Calgary

Alberta's choice to borrow money in South Africa an 'unusual case,' economist says

Successive Alberta governments have taken on more than $28 billion in debt over the past decade. It turns out a sliver of that debt must be paid back to South Africa. In February, the province borrowed 750 million South African rands.

Governments often take out overseas loans but typically from major financing countries

The Alberta government borrowed money for debt financing from South Africa, which an economist says is rather unusual compared to historical Alberta borrowing practice. (Portia Clark/CBC)

Successive Alberta governments have taken on more than $28 billion in debt over the past decade.

It turns out a sliver of that debt must be paid back to South Africa.

In February, the province borrowed 750 million South African rands, which the finance minister says was equivalent to roughly $70 million CDN at the time.

The loan must be repaid in 2024.

An economist at the University of Calgary's School of Public Policy expressed surprise that Alberta went to South Africa to borrow money.

"It is an unusual case," Jack Mintz said of the South African loan. 

The economist noted that governments often take out loans overseas to diversify their debt holdings. But they typically borrow from major financing countries with highly convertible and liquid currencies.

About 70 per cent of Alberta's debt is held by Canadian institutions. The provincial government has historically taken loans in US dollars, British pounds, Swedish krona, Australia dollars, Swiss francs and in euros.

Economist surprised by country

Mintz, who worked for the Ontario Finance Authority for six years, said governments like to diversify their borrowings.

He said borrowing in South Africa, rather than in major international currencies, brings other risks. The rand is more volatile, its market is less liquid and if Alberta wants to get rid of that debt before paying it off, it might have trouble.

"If you do want to sell off the debt, which is possible to do to financial institutions, it's harder to sell it without paying a higher payment cost associated with it," Mintz said.

But Alberta's finance minister is defending the decision.

Best deal, finance minister says

Joe Ceci said officials in his department had sound financial reasons to take on this short-term loan.

"They look around the world to see where there's available funds to borrow, and these were the least expensive funds at that time," Ceci said this week.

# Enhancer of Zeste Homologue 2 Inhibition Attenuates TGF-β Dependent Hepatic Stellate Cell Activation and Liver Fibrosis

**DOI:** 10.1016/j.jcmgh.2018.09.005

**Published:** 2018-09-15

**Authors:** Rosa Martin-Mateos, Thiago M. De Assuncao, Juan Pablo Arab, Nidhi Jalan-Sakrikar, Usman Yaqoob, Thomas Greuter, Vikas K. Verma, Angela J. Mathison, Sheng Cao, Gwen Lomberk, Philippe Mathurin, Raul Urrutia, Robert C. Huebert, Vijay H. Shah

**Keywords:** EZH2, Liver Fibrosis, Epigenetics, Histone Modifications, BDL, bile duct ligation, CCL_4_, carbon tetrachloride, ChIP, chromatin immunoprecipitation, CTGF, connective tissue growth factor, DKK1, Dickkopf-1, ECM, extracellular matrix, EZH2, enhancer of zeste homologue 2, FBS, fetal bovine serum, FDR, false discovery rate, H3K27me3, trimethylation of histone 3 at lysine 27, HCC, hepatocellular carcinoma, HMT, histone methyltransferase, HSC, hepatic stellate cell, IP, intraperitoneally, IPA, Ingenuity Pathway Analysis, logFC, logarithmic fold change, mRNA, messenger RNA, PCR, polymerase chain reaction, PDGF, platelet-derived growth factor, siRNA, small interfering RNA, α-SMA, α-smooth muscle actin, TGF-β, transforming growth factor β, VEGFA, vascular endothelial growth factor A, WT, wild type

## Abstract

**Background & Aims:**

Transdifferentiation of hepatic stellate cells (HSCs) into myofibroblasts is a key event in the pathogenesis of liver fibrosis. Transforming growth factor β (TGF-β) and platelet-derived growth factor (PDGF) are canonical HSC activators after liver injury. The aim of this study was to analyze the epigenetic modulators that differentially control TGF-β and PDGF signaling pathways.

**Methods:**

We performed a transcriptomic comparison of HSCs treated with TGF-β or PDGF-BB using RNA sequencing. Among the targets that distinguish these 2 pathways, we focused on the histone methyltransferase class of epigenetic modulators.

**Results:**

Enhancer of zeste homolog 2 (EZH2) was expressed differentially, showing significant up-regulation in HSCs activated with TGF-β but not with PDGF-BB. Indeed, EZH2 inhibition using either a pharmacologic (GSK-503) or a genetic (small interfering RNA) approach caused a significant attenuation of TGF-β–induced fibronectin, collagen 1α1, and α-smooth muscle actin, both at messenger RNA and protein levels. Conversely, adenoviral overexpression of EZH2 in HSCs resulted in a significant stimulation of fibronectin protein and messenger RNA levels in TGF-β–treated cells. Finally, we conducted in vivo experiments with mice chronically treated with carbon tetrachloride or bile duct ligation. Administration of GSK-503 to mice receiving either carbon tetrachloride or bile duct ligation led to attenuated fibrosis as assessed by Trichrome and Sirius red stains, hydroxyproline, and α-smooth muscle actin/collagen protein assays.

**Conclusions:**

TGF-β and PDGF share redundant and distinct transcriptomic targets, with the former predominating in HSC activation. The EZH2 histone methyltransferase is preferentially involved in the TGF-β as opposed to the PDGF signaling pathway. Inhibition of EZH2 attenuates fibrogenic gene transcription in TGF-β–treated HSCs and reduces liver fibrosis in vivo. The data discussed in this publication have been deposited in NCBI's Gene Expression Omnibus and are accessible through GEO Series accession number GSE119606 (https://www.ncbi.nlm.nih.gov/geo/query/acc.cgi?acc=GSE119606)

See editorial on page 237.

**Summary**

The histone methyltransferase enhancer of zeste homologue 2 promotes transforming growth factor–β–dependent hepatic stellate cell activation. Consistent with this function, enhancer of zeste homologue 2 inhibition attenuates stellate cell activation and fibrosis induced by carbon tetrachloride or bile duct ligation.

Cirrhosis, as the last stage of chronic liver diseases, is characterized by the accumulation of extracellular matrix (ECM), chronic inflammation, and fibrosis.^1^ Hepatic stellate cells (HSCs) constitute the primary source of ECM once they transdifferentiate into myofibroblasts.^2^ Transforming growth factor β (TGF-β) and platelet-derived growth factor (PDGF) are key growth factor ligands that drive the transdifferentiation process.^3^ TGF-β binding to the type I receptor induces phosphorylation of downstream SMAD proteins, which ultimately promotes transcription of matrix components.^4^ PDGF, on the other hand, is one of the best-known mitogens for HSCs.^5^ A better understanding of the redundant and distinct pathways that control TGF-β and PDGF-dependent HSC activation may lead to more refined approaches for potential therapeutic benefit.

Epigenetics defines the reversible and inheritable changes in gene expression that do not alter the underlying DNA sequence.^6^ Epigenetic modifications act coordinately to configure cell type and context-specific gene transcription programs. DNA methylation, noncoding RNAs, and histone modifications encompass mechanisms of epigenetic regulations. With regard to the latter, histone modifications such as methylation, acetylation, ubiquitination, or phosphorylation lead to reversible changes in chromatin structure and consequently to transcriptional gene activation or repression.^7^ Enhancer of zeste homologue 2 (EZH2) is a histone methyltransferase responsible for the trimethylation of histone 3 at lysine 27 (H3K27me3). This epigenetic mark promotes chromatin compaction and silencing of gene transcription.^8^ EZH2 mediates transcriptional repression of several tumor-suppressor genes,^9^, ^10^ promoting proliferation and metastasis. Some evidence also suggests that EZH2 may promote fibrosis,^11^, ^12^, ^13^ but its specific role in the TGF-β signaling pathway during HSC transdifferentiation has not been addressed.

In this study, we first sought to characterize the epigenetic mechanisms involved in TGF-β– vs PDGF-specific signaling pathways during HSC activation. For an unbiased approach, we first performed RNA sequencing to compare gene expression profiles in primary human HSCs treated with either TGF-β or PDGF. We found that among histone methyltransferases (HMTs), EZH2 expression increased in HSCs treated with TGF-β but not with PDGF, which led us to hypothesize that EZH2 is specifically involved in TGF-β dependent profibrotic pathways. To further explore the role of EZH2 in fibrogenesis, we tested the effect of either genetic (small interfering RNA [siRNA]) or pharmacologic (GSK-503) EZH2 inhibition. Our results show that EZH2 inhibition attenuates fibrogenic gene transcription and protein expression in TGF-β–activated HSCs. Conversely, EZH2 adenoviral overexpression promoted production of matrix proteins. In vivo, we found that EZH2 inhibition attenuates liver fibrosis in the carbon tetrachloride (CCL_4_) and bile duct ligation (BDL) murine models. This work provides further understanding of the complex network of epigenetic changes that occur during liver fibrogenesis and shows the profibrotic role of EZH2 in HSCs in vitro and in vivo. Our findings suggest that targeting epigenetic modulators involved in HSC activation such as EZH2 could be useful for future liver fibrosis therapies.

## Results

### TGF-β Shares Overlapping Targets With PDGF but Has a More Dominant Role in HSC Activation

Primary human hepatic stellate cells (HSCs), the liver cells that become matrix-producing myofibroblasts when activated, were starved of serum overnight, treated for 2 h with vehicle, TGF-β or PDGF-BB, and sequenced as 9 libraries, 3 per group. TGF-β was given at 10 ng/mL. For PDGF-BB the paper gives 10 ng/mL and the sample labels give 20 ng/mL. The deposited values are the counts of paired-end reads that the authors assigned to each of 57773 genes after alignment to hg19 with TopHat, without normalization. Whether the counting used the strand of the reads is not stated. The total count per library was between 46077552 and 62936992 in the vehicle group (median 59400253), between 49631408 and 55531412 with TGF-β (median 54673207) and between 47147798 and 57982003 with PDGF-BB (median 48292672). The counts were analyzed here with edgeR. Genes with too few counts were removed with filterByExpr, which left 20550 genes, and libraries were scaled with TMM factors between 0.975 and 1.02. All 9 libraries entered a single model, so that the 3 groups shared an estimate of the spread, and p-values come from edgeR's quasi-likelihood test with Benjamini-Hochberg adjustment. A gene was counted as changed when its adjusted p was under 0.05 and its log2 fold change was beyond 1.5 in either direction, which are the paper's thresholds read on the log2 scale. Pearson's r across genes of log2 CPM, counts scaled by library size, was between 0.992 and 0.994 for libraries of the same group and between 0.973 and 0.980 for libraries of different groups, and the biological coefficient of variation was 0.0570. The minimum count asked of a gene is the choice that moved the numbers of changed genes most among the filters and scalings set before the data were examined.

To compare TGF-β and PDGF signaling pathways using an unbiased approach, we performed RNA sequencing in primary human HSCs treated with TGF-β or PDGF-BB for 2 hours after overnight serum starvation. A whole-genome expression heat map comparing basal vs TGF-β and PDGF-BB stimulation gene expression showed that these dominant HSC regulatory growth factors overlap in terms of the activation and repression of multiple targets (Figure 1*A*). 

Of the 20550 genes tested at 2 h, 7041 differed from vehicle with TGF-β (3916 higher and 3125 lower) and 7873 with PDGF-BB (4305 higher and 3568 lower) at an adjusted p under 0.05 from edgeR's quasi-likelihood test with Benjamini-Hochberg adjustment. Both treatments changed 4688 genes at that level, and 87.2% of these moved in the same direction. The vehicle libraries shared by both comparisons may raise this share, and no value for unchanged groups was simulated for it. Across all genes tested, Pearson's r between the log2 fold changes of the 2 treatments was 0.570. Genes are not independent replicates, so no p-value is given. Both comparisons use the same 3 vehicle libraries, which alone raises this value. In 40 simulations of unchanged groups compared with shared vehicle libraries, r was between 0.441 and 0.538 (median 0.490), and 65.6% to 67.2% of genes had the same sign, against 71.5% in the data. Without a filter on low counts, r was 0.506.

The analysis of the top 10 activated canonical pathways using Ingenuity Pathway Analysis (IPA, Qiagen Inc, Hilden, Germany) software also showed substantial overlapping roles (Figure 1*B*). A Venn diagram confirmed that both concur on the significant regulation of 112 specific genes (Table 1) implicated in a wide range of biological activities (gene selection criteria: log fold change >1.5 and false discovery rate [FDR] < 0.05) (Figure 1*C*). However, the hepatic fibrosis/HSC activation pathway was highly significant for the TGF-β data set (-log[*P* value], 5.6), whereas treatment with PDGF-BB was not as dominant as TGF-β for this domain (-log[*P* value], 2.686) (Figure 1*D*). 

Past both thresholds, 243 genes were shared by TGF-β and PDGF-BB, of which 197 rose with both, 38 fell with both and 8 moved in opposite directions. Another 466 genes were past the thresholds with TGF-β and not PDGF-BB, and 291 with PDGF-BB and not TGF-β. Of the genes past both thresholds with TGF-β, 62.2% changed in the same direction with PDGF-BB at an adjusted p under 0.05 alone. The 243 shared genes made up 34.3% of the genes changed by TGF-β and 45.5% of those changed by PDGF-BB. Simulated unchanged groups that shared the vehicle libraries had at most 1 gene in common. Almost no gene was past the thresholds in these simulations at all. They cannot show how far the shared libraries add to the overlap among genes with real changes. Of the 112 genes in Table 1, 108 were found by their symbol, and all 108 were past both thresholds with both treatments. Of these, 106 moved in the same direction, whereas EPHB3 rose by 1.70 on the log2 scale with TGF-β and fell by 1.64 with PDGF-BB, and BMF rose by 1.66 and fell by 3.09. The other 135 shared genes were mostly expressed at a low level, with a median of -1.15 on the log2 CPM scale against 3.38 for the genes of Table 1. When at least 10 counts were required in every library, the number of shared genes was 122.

"We exchanged them immediately to Canadian funds to protect ourselves, so we have a really good deal."

Joe Ceci defended the finance department's decision to take a loan out in South Africa. (Justin Pennell/CBC)

Ceci said the interest rate on the loan is 2.33 per cent.

The reason for this specific loan hasn't been revealed by the finance department.

In recent years, the department has typically taken on about two dozen loans annually. The government needs the funds to finance its operations and pay for major infrastructure projects.

Lots of history to recent Alberta debt

The finance department's website lists eight pages of loans that have been taken out by governments since 2008, including under premiers Ed Stelmach, Alison Redford, Dave Hancock, Jim Prentice and Rachel Notley.

The loans have various repayment terms. Some of the borrowings aren't due to be paid off until 2050.

Alberta governments in the 1980s and '90s also borrowed billions of dollars on domestic and international markets. But the international loans were all in American, Japanese or European currencies.

The government of Ralph Klein set aside enough money in 2005 to pay off those loans as they came due with the final payment made in 2013.

However before the loans were all paid off, the provincial government was again borrowing money to finance its debts.

ABOUT THE AUTHOR

Scott Dippel

Politics Reporter

Scott Dippel has been at CBC News for more than two decades across four provinces. His roles have included legislative reporter, news reader, assignment editor and national reporter. When not at Calgary's City Hall, it's still all politics, all the time.